Being multilingual is a handy skill for Able Seaman Lancaster Mara to have.
CAPTION: Able Seaman Lancaster Mara casts a line from the forecastle of HMAS Launceston alongside HMAS Coonawarra, Darwin. Story by Sub-Lieutenant Nancy Cotton. Photo by Leading Seaman Shane Cameron.
The boatswain’s mate in the patrol boat HMAS Launceston is from the Umagico community in Cape York.
“My local knowledge from living in the Torres Strait has made my job easier at times when we do any work in the area as I can speak and understand Creole, so communicating with locals is easy,” Able Seaman Mara said.
Able Seaman Mara joined the Navy via the Navy Indigenous Development Program (NIDP) course 11 in 2019.
He said there was value in the NIDP and he recommended the program to others whenever he was back home.
“I am the only one from my community to have done anything like this so they are really happy for me,” Able Seaman Mara said.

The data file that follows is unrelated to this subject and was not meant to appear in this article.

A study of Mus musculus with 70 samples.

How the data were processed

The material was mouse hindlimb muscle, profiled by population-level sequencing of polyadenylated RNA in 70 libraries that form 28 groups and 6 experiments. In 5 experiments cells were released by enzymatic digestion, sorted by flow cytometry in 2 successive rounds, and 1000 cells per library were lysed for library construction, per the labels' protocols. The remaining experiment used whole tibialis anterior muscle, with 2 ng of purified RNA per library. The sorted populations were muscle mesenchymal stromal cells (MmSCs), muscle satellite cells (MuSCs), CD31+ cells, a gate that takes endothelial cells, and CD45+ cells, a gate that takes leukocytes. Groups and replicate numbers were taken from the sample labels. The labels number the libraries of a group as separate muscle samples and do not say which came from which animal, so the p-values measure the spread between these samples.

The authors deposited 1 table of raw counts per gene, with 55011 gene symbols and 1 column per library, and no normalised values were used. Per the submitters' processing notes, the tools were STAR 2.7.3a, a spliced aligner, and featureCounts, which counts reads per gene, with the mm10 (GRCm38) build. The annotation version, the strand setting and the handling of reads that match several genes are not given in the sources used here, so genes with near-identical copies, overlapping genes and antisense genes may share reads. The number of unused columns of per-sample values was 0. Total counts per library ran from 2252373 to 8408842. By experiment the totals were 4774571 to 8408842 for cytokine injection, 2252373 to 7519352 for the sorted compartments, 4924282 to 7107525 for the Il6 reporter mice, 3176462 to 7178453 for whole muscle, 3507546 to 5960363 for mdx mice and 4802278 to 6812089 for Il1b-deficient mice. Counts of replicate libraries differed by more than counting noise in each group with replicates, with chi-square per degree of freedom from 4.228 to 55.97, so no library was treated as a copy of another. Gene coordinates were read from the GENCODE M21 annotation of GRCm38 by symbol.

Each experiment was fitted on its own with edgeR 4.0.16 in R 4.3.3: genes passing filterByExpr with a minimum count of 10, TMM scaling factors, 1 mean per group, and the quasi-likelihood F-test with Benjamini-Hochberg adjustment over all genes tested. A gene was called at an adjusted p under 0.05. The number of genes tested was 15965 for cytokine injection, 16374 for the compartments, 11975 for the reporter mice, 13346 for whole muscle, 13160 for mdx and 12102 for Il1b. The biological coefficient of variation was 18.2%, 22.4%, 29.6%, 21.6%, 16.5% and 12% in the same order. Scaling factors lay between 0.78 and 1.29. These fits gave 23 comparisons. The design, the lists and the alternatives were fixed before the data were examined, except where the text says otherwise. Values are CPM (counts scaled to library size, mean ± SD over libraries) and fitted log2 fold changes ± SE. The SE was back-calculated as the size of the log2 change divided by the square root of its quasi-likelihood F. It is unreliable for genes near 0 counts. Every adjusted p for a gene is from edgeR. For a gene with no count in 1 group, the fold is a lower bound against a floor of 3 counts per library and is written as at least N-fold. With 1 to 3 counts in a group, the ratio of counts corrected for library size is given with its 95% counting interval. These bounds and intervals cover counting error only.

“I try to get home when I can, but it’s not always easy, so I do miss family, but we stay well connected.”
His hard work on board Launceston was recently recognised when he received the Commanding Officer’s Commendation, which he described as the highlight of his career.
He was rewarded for upholding the positive culture on board and being a valued and integral member of the crew.
That positive attitude stems from his love of his job.
“I love working in a patrol boat; it’s such a good job and crew, I’ve enjoyed every minute of it,” Able Seaman Mara said.
In a humble response to his commendation, Able Seaman Mara said he was just doing his job.
In ‘just doing his job’, he also finds the time and has the willingness to teach and mentor others on board, which is important for newer members to appreciate.
Able Seaman Mara was he was looking forward to seeing where the rollout of the new offshore patrol vessels (OPV) would take his Navy career.
“I really love the patrol boats so I am keen to transition to OPVs later on,” he said.